DIFFERENCES BETWEEN THE BLOCKED TRUMP TRAVEL BAN AND THE OBAMA POLICY
The general reaction to the executive order was a disapproving one from the world over. Although the president claimed it was no different from the one imposed by his predecessor, Barack Obama. This view is seen as incorrect by many because the Obama imposition was in response to a specific flaw in the security screening for people from Iraq. It was intended to slow down the admission rate of Iraqi refugees for a six (6) months period and to eliminate it. An Obama administration official on national security made it known that there was no month during the imposition that Iraqis did not gain entry into the country.
As far as it goes with similarities, the two policies limit immigration on a temporary basis. They both applied more stringent immigration policy in an attempt to increase national security against Islamic terrorism. The similarity line between the two policies is drawn at this point.
TWO CONTRASTING POLICIES
The Donald Trump and Obama policies are fundamentally different in all sense of it. President Trump’s executive order applies to seven countries and suspends the travel of all immigrants and refugees for 120 days entirely. Initially included in the executive order was lawful permanent residents of the United States, although there was a decision to permit them eventually.
Former United States president, Obama’s imposition and review of vetting procedures only applied to refugees and applicants for special immigrant visas (SIVs). His order was also just limited to only one country, Iraq unlike Trump’s listing of seven countries.
Looking at the policies from a different angle, it clearly shows that President Trump’s executive order was in response to a widespread fear of potential terrorists entering the United States of America. Although no individual from the listed seven countries has been implicated in a fatal terrorist attack in the United States since the 9/11 bombing.
While Barack Obama’s policy was in response to a direct and known threat. It was not a prevention mechanism for fear of what is perceived would happen. He was necessitated after it was discovered that in May 2011, Iraqi nationals plotted to send explosives, money, and weapons to Al-Qaeda. The Iraqi citizens it was gathered, entered the United States as refugees.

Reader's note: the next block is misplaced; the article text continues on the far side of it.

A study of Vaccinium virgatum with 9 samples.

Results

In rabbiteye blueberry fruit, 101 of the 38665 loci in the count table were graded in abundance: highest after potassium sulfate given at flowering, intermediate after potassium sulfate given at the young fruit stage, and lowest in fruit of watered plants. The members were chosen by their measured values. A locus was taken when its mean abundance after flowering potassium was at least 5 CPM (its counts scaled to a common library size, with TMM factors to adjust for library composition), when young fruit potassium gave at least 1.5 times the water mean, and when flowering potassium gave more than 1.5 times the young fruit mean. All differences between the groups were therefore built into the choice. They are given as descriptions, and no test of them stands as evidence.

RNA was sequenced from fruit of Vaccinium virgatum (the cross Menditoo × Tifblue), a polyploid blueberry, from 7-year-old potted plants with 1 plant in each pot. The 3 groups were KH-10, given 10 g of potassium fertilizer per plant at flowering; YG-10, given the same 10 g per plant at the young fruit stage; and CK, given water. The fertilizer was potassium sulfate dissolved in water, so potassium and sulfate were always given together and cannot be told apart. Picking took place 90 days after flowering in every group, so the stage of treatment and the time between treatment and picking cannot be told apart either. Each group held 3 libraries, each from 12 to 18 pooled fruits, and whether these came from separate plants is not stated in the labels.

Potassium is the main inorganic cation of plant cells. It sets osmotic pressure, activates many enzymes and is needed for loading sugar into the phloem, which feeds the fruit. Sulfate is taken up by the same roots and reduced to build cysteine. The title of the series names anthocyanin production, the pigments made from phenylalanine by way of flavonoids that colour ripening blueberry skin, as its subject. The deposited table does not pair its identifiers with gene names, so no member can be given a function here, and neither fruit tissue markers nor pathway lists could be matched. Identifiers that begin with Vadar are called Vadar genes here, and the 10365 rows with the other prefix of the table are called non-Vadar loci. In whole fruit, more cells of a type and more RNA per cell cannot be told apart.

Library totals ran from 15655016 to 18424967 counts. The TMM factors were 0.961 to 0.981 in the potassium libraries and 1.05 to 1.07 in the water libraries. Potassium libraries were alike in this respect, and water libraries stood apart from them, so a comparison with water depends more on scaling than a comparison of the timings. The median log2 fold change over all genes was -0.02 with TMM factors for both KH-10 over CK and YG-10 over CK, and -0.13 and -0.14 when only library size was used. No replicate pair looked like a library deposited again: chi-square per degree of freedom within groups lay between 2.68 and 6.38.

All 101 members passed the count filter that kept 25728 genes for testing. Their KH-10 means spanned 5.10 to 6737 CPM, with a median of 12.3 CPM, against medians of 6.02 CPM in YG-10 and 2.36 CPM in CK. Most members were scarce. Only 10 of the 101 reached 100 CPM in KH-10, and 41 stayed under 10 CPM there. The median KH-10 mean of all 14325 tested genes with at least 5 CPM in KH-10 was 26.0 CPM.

TRUMP’S BAN TURNED DOWN
Donald Trump’s new travel ban was blocked nationwide by Hawaii federal judge hours before it was supposed to begin. The scrutiny of the executive order in the first place points to how flawed it is. With many labeling the president’s intent anti-Muslim. In 2011 when Barack Obama came up with his policy, it was not challenged because of the results it was meant to achieve. It was instead allowed to come to fruition and resulted in modifications of vetting procedures following a specific threat.
On February 9th, 2017, the 9th circuit court of appeals unanimously repudiated the White House’s attempt to restore President Trump’s travel ban. The court questioned the constitutionality of the ban with the government left with no sufficient justification to be offered for why refugees and immigrants from the seven (7) listed countries were labeled as threats. The presiding judge ruled the ban unconstitutional because the ban discriminates against Muslims. In addition to that, the ban was also ruled unconstitutional because the government did not justify why the current vetting and screening system in the United States was insufficient.
The court also rejected the government’s contention that the courts had no right to question or review the executive order. On the current stand, until the case reaches the supreme court of the United States of America, the ban on the seven countries remains suspended.
Federal district court Judge Derrick Watson had the following to say about the case.
“The illogic of the government’s contentions is palpable. The notion that one can demonstrate animus toward any group of people only by targeting all of them at once is fundamentally flawed”. He also said. “It is undisputed, using the primary source upon which the government itself relies, that these seven countries have overwhelmingly Muslim populations that range from 90.7 per cent to 99.8 per cent.
“It would, therefore, be no paradigmatic leap to conclude that targeting these countries likewise targets Islam. Certainly, it would be inappropriate to conclude, as the government does, that it does not.”
Federal Judge Watson didn’t fail to refer to Trump’s statement as a presidential candidate. He said, “For instance, there is nothing veiled about this press release: ‘Donald J. Trump is calling for a total and complete shutdown of Muslims entering the United States.’”
The other federal judge who ruled against the ban is United States district judge Theodore D. Chuang in federal court in Maryland. And he has this to say, “ The history of public statements continue to provide convincing case that the purpose of the Second Executive Order remains the realization of the long evidenced Muslim ban.” He further said,” In this highly unique case, the record provides strong indications that the national security purpose is not the primary objective for the travel ban,”
Meanwhile, justice department lawyers had argued that the prohibition was necessary for national security. And Trump has slammed the court ruling as overreaching. It is very much expected and has been stated by the president that he will not relent. The Supreme Court at some point is expected to come into play as the president seeks implementation of the executive order.